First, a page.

One of the verses my kids heard me quote a lot was “rebellion is like the sin of [witchcraft]” (I Samuel 15:25). Old Testament law condemned people found to be witches, and while we are under a new covenant, God is still not pleased with witches because whether they claim to be good or bad witches, they center their lives on having power and not serving God, and/or they commune with weird spirits or the dead instead of the Holy Spirit, or in the case of some of the more “New Age” varieties, they worship nature instead of the God who created all that great stuff in the first place. All of this is idolatry in the first degree, a violation of the first commandment to “love the Lord your God with all your heart, and with all your soul, and with all your might” (Deuteronomy 6:5).

The reason I so often quoted that verse about rebellion and witchcraft is that in our society, rebellion is usually taken lightly, sometimes celebrated, and very often excused, especially when referring to children and adolescents. I’ve even heard pastors pretty much say that kids will rebel, as if we are to excuse their behavior. Indeed, ever since World War II, many popular depictions of youth in the media have portrayed them as wild and unrestrained, so I am going against the tide of popular opinion when I say that children should not be allowed to defy authority.

I do believe that young people have a lot of energy, that they are perhaps testing limits at one level or another, and that while they are desperately trying to find their places in the world they will screw-up, but during the whole process they had better recognize that God has the ultimate say in their lives, that parents are there for wisdom and protection, and authority figures like teachers, principals, and police officers are ordained by God.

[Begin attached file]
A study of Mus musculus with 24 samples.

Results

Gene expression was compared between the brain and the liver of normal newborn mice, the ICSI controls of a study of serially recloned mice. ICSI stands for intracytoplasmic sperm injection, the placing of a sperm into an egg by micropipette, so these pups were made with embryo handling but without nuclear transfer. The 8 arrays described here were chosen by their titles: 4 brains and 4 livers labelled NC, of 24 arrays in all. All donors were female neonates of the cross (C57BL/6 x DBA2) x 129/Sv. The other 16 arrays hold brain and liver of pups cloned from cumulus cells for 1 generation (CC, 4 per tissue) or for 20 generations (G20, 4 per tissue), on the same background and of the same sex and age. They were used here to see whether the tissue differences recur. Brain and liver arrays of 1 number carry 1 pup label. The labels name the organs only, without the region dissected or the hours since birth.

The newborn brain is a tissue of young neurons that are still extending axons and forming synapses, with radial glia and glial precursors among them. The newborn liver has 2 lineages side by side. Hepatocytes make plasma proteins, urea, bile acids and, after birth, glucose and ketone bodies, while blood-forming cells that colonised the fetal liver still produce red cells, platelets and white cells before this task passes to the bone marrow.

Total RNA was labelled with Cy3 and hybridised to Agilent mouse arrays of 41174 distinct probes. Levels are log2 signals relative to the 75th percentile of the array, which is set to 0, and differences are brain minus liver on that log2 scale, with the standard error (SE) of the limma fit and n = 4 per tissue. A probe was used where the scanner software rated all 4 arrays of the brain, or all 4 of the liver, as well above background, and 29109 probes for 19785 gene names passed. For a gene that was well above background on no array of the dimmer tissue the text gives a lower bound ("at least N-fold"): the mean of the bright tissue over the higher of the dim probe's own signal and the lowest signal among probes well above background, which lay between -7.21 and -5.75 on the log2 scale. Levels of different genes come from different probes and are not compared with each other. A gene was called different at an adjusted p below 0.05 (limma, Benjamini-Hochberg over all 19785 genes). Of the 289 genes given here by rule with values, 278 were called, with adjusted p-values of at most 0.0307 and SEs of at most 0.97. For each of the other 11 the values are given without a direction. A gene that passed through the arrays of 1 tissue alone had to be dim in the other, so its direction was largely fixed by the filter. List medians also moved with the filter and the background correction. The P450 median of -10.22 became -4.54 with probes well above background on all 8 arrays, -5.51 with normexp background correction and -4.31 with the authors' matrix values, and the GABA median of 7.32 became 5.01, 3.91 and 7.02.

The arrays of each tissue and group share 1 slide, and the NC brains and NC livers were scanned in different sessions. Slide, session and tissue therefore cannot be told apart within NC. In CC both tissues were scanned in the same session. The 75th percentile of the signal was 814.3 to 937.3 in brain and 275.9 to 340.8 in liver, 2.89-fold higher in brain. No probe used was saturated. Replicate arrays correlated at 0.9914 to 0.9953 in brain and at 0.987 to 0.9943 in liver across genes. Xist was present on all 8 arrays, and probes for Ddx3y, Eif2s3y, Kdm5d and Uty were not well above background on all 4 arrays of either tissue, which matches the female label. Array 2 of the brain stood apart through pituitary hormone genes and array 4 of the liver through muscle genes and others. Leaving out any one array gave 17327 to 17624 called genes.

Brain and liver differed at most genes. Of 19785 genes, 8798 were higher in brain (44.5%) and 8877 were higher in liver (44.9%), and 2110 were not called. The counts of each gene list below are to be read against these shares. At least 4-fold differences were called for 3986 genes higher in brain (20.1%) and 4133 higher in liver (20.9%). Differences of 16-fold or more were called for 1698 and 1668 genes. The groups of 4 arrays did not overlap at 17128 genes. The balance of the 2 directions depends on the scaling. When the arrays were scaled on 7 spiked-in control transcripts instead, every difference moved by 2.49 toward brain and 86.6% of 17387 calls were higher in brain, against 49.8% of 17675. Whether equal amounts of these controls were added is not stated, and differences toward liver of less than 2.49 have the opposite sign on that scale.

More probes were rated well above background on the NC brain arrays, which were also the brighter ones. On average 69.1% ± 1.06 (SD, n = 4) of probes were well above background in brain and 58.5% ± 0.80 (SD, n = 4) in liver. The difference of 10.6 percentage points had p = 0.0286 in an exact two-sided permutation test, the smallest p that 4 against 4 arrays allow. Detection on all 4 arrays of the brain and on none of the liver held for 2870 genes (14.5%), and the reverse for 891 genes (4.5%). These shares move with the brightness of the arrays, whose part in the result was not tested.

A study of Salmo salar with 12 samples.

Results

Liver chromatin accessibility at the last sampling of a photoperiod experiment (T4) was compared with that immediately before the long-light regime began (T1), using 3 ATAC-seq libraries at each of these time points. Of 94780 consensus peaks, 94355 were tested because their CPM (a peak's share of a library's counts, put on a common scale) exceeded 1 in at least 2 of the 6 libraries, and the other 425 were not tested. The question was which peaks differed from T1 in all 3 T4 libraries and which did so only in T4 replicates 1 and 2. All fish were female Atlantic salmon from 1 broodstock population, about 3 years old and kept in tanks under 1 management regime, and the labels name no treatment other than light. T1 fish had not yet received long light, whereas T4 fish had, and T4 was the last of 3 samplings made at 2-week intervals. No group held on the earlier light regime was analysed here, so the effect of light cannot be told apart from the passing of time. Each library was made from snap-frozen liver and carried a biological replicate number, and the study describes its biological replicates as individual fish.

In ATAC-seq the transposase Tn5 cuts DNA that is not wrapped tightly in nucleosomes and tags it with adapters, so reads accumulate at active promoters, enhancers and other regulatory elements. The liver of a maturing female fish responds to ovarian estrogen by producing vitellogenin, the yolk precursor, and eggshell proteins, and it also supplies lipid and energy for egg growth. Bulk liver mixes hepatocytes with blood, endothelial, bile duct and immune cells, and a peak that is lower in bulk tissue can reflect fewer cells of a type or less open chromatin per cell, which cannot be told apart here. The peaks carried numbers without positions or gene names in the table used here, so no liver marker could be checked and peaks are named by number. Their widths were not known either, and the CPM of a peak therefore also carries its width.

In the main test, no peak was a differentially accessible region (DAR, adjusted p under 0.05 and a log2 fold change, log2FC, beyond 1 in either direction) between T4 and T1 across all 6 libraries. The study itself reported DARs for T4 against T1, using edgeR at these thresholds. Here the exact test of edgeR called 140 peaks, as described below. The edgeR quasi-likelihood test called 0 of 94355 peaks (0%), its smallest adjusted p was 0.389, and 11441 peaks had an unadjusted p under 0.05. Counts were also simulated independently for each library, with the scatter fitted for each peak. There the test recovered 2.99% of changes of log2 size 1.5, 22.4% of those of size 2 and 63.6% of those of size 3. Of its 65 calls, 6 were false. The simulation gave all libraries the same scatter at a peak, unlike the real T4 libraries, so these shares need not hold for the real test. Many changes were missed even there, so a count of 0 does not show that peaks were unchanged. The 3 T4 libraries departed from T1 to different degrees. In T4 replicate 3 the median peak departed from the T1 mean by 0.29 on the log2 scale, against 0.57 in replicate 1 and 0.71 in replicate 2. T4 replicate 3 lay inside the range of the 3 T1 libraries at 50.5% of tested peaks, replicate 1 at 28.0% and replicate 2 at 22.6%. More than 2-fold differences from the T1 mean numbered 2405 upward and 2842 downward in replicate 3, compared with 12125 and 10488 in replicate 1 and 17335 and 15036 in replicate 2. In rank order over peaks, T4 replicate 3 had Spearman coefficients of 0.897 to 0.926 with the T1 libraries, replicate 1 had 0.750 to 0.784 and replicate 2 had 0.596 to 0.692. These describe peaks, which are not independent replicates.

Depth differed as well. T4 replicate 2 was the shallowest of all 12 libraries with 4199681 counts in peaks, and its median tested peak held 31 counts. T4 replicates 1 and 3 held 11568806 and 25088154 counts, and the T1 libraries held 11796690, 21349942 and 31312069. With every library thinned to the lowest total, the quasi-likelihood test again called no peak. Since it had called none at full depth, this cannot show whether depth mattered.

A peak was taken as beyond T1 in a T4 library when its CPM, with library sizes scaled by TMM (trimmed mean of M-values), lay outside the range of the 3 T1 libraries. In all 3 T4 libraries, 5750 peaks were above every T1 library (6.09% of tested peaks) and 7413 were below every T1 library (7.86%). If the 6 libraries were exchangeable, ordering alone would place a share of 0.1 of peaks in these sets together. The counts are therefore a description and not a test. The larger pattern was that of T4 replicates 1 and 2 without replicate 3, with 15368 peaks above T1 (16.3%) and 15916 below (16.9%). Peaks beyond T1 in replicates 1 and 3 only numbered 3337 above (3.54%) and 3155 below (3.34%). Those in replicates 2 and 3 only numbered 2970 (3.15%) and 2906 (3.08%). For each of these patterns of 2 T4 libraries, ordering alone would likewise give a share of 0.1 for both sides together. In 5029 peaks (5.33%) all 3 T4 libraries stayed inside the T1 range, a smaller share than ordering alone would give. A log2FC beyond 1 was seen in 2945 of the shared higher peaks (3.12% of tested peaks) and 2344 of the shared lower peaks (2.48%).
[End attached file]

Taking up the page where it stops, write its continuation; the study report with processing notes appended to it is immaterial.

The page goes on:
It’s good for kids to know that there are rules that should not be broken. My children learned the Ten Commandments, and within our household we had rules about when we ate and went to bed and where certain activities could and could not be performed. If children don’t learn that they shouldn’t throw sand in the face of others when they play in a sandbox, they will have problems at school and work and in the families they later create. If a little girl is allowed to wear her dress shoes out in that same sandbox, she will be more likely to resist when a parent suggests that what she is wearing later as a teen is too tight, too revealing, or otherwise inappropriate. Kids need rules to learn how to live correctly, and more importantly, they need to learn that there are consequences when these rules are violated.

“God is not mocked; for whatever a man sows, this he shall also reap” (Galatians 6:7), which means that if we go against God’s ways, there are negative results. In real life, these consequences are often distant from the violations people commit. Wicked people often spend their lives doing what they want, they appear happy and prosperous, and too often we never see them suffer. Dictators die in opulence at old age, drug addict rock stars survive their straight peers, and good people are ignored, impoverished, ridiculed, and killed.

The psalmist lamented this reality when he wrote, “I was envious of the arrogant, as I saw the prosperity of the wicked, for there are no pains in their death” (Psalm 73:3-4). He was discouraged, until he saw their end in judgment (73:17-20).

Kids are too short-term in their thinking and need some help understanding the ideas of reaping, sowing, and judgment. That is why it is good to discipline kids when they disobey. They need to understand that actions result in judgment.

Of course, there are two sides to our roles as judges when we parent, and my kids suffered no dearth of praise and positive reinforcement. When they did well, I let them know. Sometimes, I would hold them and look in their eyes and say, “Listen to me. Some people wait all their lives and never hear this from their fathers: I am very pleased with you.”

I have hugged my children, kissed them, lavished affection upon them, esteemed their uniqueness, and loved them as well as I could, which also meant disciplining them when they needed it.